The ongoing saga between US mobile network Verizon and Yahoo seems like it has finally come to a close, after the pair agreed to the amend the terms of their agreement. Under these new terms, Verizon will pay $350m (£281m) less than the $4.8bn originally agreed upon for Yahoo’s core internet business.
In addition, as reported last week, what remains of Yahoo – to be renamed Altaba – will share legal and regulatory liabilities with Verizon for the two large-scale data breaches revealed by the multinational technology company last year.
“We have always believed this acquisition makes strategic sense,” said Marni Walden, Verizon executive VP and president of product innovation and news businesses. "The amended terms of the agreement provide a fair and favorable outcome for shareholders. It provides protections for both sides and delivers a clear path to close the transaction in the second quarter."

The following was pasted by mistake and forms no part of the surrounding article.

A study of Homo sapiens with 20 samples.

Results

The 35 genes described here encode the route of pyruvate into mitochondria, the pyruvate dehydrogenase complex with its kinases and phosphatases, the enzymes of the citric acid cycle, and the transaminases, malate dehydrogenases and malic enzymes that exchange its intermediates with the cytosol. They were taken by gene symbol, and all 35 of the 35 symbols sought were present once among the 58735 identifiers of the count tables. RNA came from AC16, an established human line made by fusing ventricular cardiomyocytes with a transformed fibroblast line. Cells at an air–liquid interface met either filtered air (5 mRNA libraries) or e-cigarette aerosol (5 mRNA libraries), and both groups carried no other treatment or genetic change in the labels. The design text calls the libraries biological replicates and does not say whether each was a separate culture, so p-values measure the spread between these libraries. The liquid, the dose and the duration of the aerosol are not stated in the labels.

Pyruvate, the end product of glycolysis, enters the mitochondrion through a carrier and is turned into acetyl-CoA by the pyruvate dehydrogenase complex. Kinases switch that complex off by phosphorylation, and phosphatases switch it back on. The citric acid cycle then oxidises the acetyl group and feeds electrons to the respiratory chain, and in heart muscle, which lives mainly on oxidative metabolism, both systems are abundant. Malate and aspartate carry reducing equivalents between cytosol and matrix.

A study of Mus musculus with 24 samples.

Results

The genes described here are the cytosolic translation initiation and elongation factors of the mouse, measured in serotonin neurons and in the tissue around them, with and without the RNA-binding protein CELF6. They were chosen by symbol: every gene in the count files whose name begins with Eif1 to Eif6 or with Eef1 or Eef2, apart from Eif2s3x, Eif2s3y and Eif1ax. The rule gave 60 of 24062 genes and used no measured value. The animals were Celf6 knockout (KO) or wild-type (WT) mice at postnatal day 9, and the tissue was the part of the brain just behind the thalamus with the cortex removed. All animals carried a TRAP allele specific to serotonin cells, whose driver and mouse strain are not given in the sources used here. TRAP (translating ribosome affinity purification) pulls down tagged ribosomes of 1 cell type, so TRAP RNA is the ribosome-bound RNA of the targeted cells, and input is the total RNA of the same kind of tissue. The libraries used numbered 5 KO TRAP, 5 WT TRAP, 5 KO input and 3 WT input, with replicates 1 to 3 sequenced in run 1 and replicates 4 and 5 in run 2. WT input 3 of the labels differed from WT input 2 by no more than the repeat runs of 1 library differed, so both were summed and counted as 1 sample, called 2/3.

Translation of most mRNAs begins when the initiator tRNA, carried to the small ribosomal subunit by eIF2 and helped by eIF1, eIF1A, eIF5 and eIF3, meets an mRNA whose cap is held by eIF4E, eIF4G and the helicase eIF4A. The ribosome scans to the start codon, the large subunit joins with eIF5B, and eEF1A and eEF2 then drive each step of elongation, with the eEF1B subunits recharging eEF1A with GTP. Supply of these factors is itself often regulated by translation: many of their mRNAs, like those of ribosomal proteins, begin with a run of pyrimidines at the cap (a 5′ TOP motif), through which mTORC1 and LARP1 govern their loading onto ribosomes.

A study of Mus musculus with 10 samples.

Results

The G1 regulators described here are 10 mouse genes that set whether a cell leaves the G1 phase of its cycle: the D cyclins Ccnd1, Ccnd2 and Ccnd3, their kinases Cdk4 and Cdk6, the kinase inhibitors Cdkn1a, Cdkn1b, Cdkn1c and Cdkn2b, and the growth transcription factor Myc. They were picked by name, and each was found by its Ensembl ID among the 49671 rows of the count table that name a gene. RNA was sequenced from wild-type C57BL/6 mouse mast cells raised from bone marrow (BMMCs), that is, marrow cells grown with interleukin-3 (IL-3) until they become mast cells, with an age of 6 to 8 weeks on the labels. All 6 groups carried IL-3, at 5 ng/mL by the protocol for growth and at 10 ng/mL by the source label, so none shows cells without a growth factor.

The amended terms leave Yahoo responsible for 50 per cent of any cash liabilities incurred as a result of non-SEC government investigations, and third-party litigation, into its data breaches in 2013 and 2014. However, liabilities arising from shareholder lawsuits and SEC investigations will fall solely into Yahoo’s lap.
The deductions leave the acquisition valued at approximately $4.48bn in cash, subject to closing adjustments, and is expected to close in the second quarter of 2017.
Marissa Mayer, CEO of Yahoo, said: "We continue to be very excited to join forces with Verizon and AOL. This transaction will accelerate Yahoo's operating business especially on mobile, while effectively separating our Asian asset equity stakes. It is an important step to unlock shareholder value for Yahoo, and we can now move forward with confidence and certainty.”